Defining a customer experience was very different pre-2020. It seems like a lifetime ago, doesn’t it? In that era, you could count on gift baskets, samples, and something as simple as the smile from the cashier to define your customer experience. Well, it’s 2021, and you can throw all that right out the window. At least for the foreseeable future.
The pandemic has absolutely wrecked the customer experience. The heartfelt kindness you felt from a brick-and-mortar’s service is now an incessant waves of online ads and landing page copy — good grief!
it’s hard to take a break.
The problem is, with just about every business moving online, or having to double down on their online strategies, standing out from the crowd has become exponentially more difficult. The only way to do so?
Improving the online customer experience.
Let’s take a look at how we can do that.
Understand the customer’s journey
Understanding the customer’s journey is something that’s fundamental, yet often underused. You can get really specific when it comes to understanding the customer’s journey.
It’s more than understanding a pain point and offering the resolution. It’s also about learning what kind of language your customers use, their attitudes, and other solutions they’ve tried.
The more specific you can get, the more the customer will feel your business cares about them. That’s a nice feeling!
Personalize the experience
It helps if you can get specific with personalizing your customers’ experiences. If you can do so, such as recognizing their location and providing service info relative to it, it can be huge. It takes a business from the ‘any other business’ status to ‘the business that looks after my needs’.
Other ways to personalize the experience include: using the customers’ native language, keeping track of their recently viewed items, and suggesting items related to what they’re looking at. Amazon is a prime example, no pun intended.
It doesn’t have to stop at the shopping process. Send birthday emails, discounts for continued patronage, and discounts for products they buy often. You can show them that you’re here for more than just transactions — you’re here to help them.
Speaking of personalizing an experience, you can add an element of humanity to your business by including a voice over in your product demonstration. The human voice is one of the most powerful tools when it comes to connecting with people. Voice123 is a great place to find and work with professional voice actors to make personable voice over!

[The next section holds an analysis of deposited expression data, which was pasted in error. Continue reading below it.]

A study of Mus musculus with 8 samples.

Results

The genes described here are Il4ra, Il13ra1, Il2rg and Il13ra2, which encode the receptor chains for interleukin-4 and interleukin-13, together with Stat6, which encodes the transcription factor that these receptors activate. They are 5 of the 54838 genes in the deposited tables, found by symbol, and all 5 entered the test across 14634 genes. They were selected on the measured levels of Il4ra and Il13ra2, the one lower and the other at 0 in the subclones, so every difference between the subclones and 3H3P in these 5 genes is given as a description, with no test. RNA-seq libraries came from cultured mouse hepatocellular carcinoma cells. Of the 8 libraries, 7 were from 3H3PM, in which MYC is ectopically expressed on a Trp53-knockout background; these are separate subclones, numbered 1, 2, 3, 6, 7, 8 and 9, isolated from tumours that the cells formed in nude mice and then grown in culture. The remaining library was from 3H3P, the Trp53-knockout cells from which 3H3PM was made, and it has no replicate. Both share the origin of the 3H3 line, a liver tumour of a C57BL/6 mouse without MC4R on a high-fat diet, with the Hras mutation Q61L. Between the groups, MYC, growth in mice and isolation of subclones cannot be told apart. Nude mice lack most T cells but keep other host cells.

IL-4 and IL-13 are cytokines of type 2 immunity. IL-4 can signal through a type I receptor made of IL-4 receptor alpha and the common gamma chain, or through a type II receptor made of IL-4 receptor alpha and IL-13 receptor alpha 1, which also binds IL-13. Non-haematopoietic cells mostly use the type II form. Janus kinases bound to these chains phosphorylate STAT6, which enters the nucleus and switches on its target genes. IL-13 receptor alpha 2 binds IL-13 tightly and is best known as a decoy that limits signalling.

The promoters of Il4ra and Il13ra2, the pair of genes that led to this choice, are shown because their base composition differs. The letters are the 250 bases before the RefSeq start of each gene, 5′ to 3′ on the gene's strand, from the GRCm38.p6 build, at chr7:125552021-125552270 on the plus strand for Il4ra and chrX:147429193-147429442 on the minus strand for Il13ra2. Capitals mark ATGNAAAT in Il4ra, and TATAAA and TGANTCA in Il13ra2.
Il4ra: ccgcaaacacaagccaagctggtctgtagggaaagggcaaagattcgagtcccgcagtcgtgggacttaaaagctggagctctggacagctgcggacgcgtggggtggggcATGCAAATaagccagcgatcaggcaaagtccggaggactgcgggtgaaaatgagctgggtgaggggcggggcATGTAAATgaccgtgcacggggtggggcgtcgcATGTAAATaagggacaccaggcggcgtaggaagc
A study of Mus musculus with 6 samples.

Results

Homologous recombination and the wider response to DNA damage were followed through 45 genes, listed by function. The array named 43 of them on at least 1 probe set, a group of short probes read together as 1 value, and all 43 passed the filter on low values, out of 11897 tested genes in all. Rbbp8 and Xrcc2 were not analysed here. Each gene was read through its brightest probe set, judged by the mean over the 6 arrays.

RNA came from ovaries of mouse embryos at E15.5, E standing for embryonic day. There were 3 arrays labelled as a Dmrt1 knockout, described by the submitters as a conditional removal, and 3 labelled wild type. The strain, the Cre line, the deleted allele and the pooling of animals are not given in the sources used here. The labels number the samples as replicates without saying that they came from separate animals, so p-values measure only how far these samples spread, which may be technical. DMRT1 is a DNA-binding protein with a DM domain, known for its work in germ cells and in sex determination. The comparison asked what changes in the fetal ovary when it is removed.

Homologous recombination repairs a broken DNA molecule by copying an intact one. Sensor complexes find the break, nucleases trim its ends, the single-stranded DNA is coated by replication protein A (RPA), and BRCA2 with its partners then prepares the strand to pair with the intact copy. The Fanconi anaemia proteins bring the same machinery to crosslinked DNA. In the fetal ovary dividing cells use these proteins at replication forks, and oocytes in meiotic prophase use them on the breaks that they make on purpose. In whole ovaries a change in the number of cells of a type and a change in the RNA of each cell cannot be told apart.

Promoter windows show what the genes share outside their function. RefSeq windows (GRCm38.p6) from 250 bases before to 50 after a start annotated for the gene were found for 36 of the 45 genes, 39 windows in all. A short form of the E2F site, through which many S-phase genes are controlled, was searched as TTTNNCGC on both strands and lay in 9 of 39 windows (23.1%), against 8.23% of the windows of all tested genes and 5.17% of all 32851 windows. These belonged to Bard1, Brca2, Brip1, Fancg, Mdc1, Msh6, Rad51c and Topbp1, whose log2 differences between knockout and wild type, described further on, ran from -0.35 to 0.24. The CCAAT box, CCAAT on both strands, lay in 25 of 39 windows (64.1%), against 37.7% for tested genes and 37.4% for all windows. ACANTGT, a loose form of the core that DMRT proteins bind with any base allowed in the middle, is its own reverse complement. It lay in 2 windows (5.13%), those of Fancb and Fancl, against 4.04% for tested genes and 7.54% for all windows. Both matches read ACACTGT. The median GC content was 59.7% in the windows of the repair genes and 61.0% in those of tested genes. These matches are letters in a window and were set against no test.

Make checking out easy
It’s best to keep a simple and easy checkout process. It’s hard to trust a checkout with a scattered fill-out form that seems tiring, and faulty.
An easy way to do this is to limit the amount of clicks it takes to checkout. Consider one-click checkouts, and be sure to include many forms of payment. Some people are very preferential to their way of payment.
The easier it is to checkout, the less frustration there is for the customer. It’ll also lead to more conversions on your side, and reduce the amount of abandoned carts, which is big. As much as 88% of carts were abandoned in March 2020.
It’s hard to imagine all of them were abandoned because customers found out the shipping costs were too high, although that might account for most of them. Sometimes people just forget about what they’re shopping for.
So it’s easy to give a gentle reminder to your customers to checkout their old carts by sending a follow-up email, maybe even with an incentive. It can go a long way.
Automate support and empower self-service
By automating support, we mean consider using a chatbot. Chatbots aren’t an end solution, but they definitely lend a very helpful hand in finding the right resources.
Chatbots can help answer preliminary questions quickly and keep up customer satisfaction. And for problems they can’t solve, they can direct customers to service representatives and self-service websites.
Self-service websites can be incredibly relieving for the customers. Customers are sure to have poor customer service experiences — whether it be struggling to return an item because the company won’t respond, or finding out that getting a refund is nearly impossible.
The idea behind self-service websites or portals is that they empower the customer to handle those situations themselves. Just set up a website where they can fulfill these processes themselves, and they’ll appreciate the ease of it.
Finally, don’t forget to keep up the customer service after they’ve checked out. The goal is to turn shoppers into returning customers, and you can encourage that by sending thank you emails, informing them about upcoming promotions, and sending newsletters.
In the final analysis, improving your online customer experience comes down to making things easy and convenient for the customers, and showing that you care for them, almost on a personal level.
May your online customer service rock – both in 2021 and beyond!